Midwinter is always a special time, and this year – for some of us – especially so. Today is the tenth anniversary of our midwinter at Halley. Happily, it seems we must have had a good time as most are still eager to stay in contact, even if we’re not always that regular at it. Two of us now live in New Zealand and we just had a skype call with another seven who have gathered in Yorkshire (along with their families), and one who joined by skype from a north sea oil rig. Of the other eight, I still hear from three of them and I wouldn’t be surprised if the remaining five maintain contact in their own ways.
Some of the stories and memories are vivid, but others needed jogging. I was reminded of little things, like when we tried to make ketchup, got over-excited by our first storm (and told off by the base commander), when the girls got snowed-in the caboose, the smell of Nido (I was living quite happily without that recollection) and sound of squeaky snow under foot.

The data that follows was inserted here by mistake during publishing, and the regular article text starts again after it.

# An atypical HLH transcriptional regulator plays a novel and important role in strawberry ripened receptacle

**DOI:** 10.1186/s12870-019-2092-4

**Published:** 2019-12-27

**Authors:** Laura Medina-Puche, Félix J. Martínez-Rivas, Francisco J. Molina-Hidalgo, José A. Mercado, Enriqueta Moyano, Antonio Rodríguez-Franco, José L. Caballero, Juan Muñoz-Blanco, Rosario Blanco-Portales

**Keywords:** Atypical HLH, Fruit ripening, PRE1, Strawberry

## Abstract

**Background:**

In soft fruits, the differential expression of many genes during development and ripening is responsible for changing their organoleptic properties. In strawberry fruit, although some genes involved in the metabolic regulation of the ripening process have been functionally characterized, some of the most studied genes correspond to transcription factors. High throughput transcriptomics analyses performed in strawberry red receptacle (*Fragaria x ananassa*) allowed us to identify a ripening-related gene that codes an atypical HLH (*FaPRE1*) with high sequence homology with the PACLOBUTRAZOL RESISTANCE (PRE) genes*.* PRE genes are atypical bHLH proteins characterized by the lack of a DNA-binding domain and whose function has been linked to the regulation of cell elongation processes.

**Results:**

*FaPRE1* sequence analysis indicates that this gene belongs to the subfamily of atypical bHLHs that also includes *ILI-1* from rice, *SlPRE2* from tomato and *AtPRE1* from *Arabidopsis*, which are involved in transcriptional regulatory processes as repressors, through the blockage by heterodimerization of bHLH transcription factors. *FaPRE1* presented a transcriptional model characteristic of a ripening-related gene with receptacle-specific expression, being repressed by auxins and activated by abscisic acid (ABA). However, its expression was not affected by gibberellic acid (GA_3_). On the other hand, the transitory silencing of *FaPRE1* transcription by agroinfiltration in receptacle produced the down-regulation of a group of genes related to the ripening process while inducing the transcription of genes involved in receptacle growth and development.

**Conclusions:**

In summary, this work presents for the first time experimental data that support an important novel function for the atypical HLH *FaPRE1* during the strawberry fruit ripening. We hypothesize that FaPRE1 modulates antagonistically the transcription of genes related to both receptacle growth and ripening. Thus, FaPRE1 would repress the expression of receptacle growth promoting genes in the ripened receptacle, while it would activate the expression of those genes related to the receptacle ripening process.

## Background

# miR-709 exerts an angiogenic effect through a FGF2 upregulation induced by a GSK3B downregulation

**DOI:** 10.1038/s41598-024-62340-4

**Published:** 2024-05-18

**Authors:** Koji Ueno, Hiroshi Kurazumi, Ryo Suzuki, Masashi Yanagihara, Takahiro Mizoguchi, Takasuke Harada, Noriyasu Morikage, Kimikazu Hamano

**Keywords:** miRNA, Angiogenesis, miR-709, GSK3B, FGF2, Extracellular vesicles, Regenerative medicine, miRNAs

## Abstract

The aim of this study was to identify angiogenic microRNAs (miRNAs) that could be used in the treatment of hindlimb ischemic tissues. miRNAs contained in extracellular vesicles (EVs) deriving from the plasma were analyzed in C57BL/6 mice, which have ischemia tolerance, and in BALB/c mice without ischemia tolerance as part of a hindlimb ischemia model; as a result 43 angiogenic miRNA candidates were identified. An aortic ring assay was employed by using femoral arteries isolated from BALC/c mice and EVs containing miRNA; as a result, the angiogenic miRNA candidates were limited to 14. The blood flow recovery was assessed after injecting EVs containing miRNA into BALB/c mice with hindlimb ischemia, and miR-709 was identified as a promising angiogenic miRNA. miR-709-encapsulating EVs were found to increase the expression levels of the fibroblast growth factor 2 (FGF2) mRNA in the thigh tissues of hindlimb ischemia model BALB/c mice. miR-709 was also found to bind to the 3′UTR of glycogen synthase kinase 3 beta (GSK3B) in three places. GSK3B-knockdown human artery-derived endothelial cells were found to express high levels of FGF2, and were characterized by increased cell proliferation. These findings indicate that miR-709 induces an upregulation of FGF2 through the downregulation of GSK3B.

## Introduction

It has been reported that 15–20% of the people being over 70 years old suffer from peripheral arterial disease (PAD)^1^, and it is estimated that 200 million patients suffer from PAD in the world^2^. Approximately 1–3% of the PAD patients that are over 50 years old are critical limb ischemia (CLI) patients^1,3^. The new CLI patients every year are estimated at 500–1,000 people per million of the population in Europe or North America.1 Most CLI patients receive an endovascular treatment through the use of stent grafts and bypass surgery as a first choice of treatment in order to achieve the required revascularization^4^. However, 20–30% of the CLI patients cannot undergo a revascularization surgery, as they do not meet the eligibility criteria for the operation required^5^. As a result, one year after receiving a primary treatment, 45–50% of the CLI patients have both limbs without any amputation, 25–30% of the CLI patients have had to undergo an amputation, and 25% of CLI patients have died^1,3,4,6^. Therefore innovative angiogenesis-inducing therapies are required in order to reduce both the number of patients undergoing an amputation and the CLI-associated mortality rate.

I loved the winter and I’d do it again if I could guarantee the same crowd, or similar, and the same base – which now no longer exists, and the same people in the larger project, and the same naivety (only allowed once). All those have changed. But the essence, I hope, is the same. The stars and aurora, sastrugi and fogbows, mirages and ever-lasting dawn…. when it eventually arrives. Those long, long shadows.
I don’t follow the blogs of people who are down there now, and I rarely follow stories of current Antarctic science or adventures. I like to keep my own untarnished, rose-tinted, memories sealed in a very precious, and only occasionally opened, box.
Everyone looked and sounded exactly the same. Despite the arrival of new partners and kids, houses and jobs, responsibilities various. At heart, we’re still the same people, and our Halley – as we knew it – is unchanged.